Several models have been developed for the purpose of inventory planning and control. The basic purpose behind such modelling is to arrive at the level of optimum investment in inventories. As will be evident from the discussion that follows, these models allow one to figure out the optimum lot size, i.e. the number of units that should be ordered each time.
There exist basically two kinds of models: deterministic and stochastic or probabilistic. The deterministic models are built on the premise that there is no uncertainty associated with the demand and replenishment or lead times.
The probabilistic model take cognizance of the fact that there is always some uncertainty associated with the demand pattern and lead times.
For the purpose of exposition, we shall now proceed to develop a deterministic model for arriving at the Re-order Quantity or the Economic Order Quantity (EOQ). This is an important concept in the purchase of raw material and in the storage of finished goods and in-transit inventories. We shall determine optimal order quantity for a particular item of inventory. In this exercise, we are going to arrive at the optimal order quantity of an item of inventory, given its forecast usage, the ordering cost and the carrying cost. Ordering cost can mean purchase or production.
Let us assume that the usage of this particular item is known with certainty and that the usage is stationary or steady throughout the period of time being analyzed. In essence, what we are assuming is that if the usage is 5200 units a year, the usage every week is 100 units. Goods are used evenly throughout the year. It is noteworthy that the EOQ model can be modified to take account of increasing or decreasing use over time. For the purpose of this exercise, such modifications are not being considered. We are assuming that the cost per order or the ordering cost, k, is constant regardless of the size of the order. As discussed earlier, k, represent the clerical and administrative and other costs involved in placing an order for the purchase of raw materials. For finished goods inventories, the cost of ordering involves scheduling a production run and for in-transit inventories it involves basically record keeping. Obviously, the total ordering cost is the cost per order times the number of orders placed.
The average holding cost or carrying cost per unit represent the cost of inventory storage, handling, insurance, etc, and the required rate of return on the investment in inventories. We are assuming that these costs are constant per unit of inventory per unit of time. Therefore, the total carrying cost for a period is the average number of units of inventory for the period times the carrying cost per unit.
We are also assuming that inventory orders are filled without delay, since out-of-stock items can be filled without delay, there is no need to maintain a safety stock or buffer stock.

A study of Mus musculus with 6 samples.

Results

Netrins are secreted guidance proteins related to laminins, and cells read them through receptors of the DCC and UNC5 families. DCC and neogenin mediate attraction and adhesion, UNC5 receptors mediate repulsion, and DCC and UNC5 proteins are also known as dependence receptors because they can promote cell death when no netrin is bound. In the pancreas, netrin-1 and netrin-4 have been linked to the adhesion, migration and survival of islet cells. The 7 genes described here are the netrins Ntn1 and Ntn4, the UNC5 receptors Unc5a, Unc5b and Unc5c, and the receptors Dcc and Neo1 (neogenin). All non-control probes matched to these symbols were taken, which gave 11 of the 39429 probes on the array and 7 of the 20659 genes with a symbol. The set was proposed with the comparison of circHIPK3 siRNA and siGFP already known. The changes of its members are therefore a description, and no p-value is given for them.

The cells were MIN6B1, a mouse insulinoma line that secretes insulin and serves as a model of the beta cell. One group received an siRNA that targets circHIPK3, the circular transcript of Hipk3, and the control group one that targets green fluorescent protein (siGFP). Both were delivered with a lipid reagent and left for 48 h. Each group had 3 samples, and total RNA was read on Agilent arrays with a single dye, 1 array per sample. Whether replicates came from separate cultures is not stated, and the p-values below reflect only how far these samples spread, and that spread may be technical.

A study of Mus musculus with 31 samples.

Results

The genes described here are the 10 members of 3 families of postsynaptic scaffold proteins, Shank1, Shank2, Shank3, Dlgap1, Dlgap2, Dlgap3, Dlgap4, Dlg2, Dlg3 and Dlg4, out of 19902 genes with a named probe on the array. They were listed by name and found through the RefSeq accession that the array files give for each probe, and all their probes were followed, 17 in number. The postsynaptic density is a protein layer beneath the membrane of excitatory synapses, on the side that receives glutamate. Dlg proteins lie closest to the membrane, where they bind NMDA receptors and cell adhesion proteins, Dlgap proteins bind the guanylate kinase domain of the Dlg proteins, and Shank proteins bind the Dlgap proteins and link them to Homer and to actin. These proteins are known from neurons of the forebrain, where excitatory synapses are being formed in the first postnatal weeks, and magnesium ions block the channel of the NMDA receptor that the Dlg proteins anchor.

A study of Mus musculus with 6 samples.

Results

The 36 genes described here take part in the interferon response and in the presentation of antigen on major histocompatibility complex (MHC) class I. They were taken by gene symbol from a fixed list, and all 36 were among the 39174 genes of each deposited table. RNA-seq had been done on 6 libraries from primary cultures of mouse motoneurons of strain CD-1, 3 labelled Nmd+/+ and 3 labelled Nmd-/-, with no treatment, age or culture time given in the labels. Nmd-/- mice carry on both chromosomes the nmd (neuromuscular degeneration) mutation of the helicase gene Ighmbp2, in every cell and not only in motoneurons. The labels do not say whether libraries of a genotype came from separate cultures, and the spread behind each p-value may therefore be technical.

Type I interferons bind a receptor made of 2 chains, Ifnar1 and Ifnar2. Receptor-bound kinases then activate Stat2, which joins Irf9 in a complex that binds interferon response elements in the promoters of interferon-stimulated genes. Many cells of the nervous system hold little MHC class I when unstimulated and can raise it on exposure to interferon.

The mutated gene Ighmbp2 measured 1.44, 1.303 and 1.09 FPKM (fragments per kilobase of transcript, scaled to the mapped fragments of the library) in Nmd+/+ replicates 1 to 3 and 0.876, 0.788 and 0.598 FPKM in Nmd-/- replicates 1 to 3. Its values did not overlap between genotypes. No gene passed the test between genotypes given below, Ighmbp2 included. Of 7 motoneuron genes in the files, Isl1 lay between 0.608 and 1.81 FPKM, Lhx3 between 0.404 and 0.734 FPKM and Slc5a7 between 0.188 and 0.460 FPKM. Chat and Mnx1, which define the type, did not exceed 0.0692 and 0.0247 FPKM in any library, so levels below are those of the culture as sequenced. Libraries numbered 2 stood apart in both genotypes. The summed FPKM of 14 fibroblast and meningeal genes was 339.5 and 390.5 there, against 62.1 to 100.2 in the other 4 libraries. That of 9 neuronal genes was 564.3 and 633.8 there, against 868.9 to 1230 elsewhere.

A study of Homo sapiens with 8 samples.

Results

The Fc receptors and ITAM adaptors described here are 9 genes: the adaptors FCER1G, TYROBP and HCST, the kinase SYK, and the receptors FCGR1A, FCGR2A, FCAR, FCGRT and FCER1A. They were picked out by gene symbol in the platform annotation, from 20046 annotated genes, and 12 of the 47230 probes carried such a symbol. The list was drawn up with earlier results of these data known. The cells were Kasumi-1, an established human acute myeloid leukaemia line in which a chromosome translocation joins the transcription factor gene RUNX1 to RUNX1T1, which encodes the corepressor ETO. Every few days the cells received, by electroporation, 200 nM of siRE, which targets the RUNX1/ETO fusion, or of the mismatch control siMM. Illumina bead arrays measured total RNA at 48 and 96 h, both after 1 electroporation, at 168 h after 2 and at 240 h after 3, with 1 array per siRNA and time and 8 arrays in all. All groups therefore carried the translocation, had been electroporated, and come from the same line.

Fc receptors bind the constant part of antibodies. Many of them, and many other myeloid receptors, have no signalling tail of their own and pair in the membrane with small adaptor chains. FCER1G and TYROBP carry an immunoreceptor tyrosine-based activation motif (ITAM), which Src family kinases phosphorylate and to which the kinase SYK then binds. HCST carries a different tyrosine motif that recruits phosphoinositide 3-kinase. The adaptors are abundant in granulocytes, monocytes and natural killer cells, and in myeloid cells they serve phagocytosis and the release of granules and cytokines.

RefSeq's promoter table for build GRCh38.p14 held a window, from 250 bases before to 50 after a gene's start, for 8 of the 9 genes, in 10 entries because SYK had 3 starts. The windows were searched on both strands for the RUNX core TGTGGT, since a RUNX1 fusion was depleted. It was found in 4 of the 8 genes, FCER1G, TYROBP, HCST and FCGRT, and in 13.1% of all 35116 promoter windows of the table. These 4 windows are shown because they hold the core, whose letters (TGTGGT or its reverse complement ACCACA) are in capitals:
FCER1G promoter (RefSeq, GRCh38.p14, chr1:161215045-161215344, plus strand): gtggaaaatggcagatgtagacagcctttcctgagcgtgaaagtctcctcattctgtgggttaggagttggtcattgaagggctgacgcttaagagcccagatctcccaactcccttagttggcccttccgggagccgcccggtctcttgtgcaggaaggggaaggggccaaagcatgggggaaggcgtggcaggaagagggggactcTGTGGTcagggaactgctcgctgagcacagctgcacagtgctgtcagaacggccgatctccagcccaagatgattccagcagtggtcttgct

Since the usage has been assumed to be steady and there is no buffer stock, the average inventory can be expressed as Q/2, where Q = quantity per order and this quantity ordered is assumed to be constant over the period. Let us also assume that the particular item in question is purchased, the total cost involved on this count is the cost per unit times the number of units purchased.
Where KD/Q represents ordering cost PD represents cost of purchase of the item in question, and C Q/2 represents the holding cost or the carrying cost.
For an optimal solution, we need to minimize the total associated cost. We would therefore set the first derivative = O and find out whether the second derivative is positive.
DTC/dQ = -KDQ– 2/2 + C = O
therefore KD/Q2 = C/2 or CQ2 = 2KD or Q2 = 2 KD/C√2KD or Q * or the economic order quantity = ----- C
The EOQ model is useful in so far as it tells the amount to order and the best timing of our orders in the case of raw materials.
With respect to finished goods inventories, it enables us to exercise better control over the timing and size of production runs.
As a whole, this model provides a decision rule regarding the replenishment of inventories, the time and the amount to be replenished.
A graphical representation of the EOQ relationship appears in below Figure . In the figure, we plot ordering costs, carrying costs and total costs – the sum of the first two costs; we see that whereas carrying costs vary directly with the size of the order, ordering cost vary inversely with the size of the order. The total cost time declines at the first as the fixed cost of ordering are spread over more units. The total cost time begins to rise when the decrease in average ordering cost is more than offset by the additional carrying costs. Point x then represents the economic order quantity, which minimizes the total cost of inventory.
The EOQ formula taken up in this unit is a very useful tool for inventory control. In purchasing raw material or other items of inventory, it tells the amount to order and the best timing of our orders. For finished goods inventory, it enables us to exercise better control over the timing and size of production runs. In general, the EOQ model gives us a rule for deciding when to replenish inventories and the amount to replenish.
Illustration – the usage of an inventory item during the year is estimated at 2000 unit. The ordering cost works out to N100/order and the holding cost is estimated at N10 per unit per year. The cost of the item i.e. the purchase price is N1 per unit. By applying the EOQ model, we can directly arrive at the EOQ as follows:Q* =√2(100).(2000)/10 = 200 units.